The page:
Using Google Analytics is not unethical
Google Analytics does not track Google accounts. GA uses a special set of cookies
__utmz to track user activity. And Google Analytics does not allow individual users to be "traced" any more than they would otherwise without GA present.
Perfect privacy on the web is impossible
Whether an analytics system is present or not, any visitor to a site will leave footprints of their activity through the intermediate ISP servers relaying their traffic to the web server, as well as the web server's server logs. Just like analytics are a basic business necessity for a website operator, server logs are a basic security necessity for website operators. And each time you make a request to a site, the web server will record an entry in its logs, though the logs may be purged or anonymized after a period (as is Google's policy).
So if you were hoping that just because a site doesn't use specialized analytics software, all visits would be completely untrackable, that is sadly never going to happen. By simply visiting the site, you've created evidence of your visit on your computer and a bunch of different internet servers. Analytics platforms simply processes readily available traffic data into usable form to be presented as actionable metrics to webmasters.
If the website operator wishes, they can perform more extensive tracking, such as recording actions (usually campaign-related) or custom variables. But recording that 10% of visitors to the page were directed there by a particular AdWords campaign or search term does not make individuals more easy to trace.
Using CDNs is not unethical either
Likewise, CDNs are irrelevant when it comes to privacy. Most professional sites use CDNs to improve performance and save bandwidth. Simply embedding a JS/image/CSS file hosted on a CDN server does not compromise the user's anonymity. They're just normal HTTP requests that at most include the visited page in the referer heading. No cookies or other data is shared with the CDN server. And pretty much any external link on the site would also reveal the visited page in the referer heading.
It's up to users to protect their own anonymity
If you truly want anonymity for sensitive web surfing, then it's up to you to take special precautions. You should use HTTPS to encrypt your web traffic, use anonymity proxies like Tor, and customize your browser to your needs. If you don't want cross-site tracking bugs (used by advertising networks, not GA) to record your surfing habits, then disable cookies. If you don't want your visit to be recorded locally, surf in incognito mode. If you don't want your browser to be identifiable by other signatures, then clean it of potentially compromising plugins and edit its settings and behavior so it blends in with the crowd. If you don't want your location or connection tracked, then use public internet access.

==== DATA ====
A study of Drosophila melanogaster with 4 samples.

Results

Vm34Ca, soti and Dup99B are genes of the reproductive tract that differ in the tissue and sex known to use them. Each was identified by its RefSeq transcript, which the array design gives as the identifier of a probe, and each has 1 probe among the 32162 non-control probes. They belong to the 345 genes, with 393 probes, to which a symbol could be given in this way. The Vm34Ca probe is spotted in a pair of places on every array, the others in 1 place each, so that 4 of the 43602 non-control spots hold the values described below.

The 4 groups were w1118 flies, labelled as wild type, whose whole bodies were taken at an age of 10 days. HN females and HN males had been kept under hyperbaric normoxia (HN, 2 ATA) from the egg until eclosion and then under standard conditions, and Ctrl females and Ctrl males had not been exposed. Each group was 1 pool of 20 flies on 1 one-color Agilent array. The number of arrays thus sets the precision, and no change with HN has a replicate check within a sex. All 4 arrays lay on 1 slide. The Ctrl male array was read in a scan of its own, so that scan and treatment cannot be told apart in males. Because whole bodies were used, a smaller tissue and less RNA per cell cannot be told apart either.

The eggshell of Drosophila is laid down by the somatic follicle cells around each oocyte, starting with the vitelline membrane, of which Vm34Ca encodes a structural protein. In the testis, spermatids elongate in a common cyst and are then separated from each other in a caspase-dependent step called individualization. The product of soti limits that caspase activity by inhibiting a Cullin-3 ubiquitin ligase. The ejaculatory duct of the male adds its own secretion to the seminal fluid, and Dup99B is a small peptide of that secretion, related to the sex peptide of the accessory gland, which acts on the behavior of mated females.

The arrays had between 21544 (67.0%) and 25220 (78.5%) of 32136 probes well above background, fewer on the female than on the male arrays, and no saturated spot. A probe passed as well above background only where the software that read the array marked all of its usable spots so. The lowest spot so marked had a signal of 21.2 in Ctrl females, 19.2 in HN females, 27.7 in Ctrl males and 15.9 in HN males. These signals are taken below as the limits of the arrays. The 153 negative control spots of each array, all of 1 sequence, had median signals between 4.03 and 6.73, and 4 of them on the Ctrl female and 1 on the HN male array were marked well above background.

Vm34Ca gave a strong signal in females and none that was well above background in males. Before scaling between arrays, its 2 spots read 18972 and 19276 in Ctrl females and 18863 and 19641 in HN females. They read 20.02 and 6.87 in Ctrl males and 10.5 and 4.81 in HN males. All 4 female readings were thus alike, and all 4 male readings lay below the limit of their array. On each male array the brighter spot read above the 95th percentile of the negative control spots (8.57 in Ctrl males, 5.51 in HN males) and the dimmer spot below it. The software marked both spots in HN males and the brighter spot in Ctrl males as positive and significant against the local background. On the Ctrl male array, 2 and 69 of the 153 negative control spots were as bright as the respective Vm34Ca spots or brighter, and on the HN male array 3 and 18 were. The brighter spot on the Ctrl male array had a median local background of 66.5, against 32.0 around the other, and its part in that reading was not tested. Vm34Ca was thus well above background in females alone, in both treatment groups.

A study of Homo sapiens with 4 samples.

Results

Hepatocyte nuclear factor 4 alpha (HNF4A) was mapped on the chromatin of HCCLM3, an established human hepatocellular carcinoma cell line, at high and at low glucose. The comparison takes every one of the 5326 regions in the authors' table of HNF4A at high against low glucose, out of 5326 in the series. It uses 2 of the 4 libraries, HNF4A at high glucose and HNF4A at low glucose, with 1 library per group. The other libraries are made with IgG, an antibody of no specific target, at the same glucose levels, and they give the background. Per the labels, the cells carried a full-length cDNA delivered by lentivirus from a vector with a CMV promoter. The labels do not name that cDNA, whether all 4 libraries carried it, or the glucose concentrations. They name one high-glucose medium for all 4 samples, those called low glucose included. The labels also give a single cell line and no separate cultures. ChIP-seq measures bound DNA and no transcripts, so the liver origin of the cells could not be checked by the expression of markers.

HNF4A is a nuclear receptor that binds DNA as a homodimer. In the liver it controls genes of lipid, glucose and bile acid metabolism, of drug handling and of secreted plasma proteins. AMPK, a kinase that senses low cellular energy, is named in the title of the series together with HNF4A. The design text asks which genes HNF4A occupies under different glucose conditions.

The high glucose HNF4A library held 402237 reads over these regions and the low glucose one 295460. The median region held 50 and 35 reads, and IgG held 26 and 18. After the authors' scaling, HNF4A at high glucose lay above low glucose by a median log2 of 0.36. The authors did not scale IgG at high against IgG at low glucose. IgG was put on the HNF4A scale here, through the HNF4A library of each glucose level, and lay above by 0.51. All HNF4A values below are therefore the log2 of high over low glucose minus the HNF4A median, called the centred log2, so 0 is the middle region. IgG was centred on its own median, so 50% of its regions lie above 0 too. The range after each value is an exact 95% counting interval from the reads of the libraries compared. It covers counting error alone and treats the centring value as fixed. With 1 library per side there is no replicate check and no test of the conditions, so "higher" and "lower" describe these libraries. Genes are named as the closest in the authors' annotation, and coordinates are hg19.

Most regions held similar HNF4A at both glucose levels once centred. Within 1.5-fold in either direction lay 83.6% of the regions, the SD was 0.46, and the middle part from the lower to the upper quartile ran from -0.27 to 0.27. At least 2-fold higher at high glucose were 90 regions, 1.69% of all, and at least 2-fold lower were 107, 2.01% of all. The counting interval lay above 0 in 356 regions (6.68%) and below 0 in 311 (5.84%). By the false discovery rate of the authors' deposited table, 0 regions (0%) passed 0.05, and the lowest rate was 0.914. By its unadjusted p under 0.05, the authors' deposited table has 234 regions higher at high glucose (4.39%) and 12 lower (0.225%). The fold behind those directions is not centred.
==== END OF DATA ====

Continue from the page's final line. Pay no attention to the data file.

But it's silly to expect a major site to not record analytics data. Such data does not tell Google or anyone else who is filing the report, only that someone at some IP has visited the site within a certain time frame, just like the server logs. And it's even against GA policy to transmit personally-identifiable info to Google via GA, and GA itself only uses anonymous identifiers. Besides, it would be far easier and completely undetectable for the site operator to record PII server-side. So why would they use GA for that?
If someone wanted to "trace" a victim, they'd have to:
- Hack into the Crimestopper's database to obtain the reports that might contain PII or to look at its timestamp.
- Then they'd need to hack into the GA account or simply look at the logs on the server they've already hacked into. If the form submissions are recorded (HTTPS POSTS aren't recorded) and the data hasn't been purged/anonymized, then they might be able to get a number of IP addresses that coincide with the report submission.
- Then they'd have to figure out where the hosts using those IPs are located. There's no easy way to do this, especially as most non-business users have dynamic IPs. Without a court order to get ISP cooperation, you can only find where the ISP central office that routes that IP is located, which often is a nearby metropolitan city, which can be far away from the suburb where the actual host is located.
If by some miracle they're able to get that, they'd still only have evidence that someone used that particular connection/network to access the site, and possibly filed the report in question. But that could be a public network or just a connection shared by dozens of computers. Just finding the actual computer that made the request would be tough.
If you're lucky, and there's only 4-5 computers, you can then check
each for evidence of visiting the site. But if they were smart
enough to use private browsing or simply purged their web
history/cache, then you're not gonna find anything unless you're
some digital forensics god. If this was an open hotspot and the
target simply hopped on with their laptop/iPad/smartphone, submitted
the report, and left, then you're pretty much shit out of luck.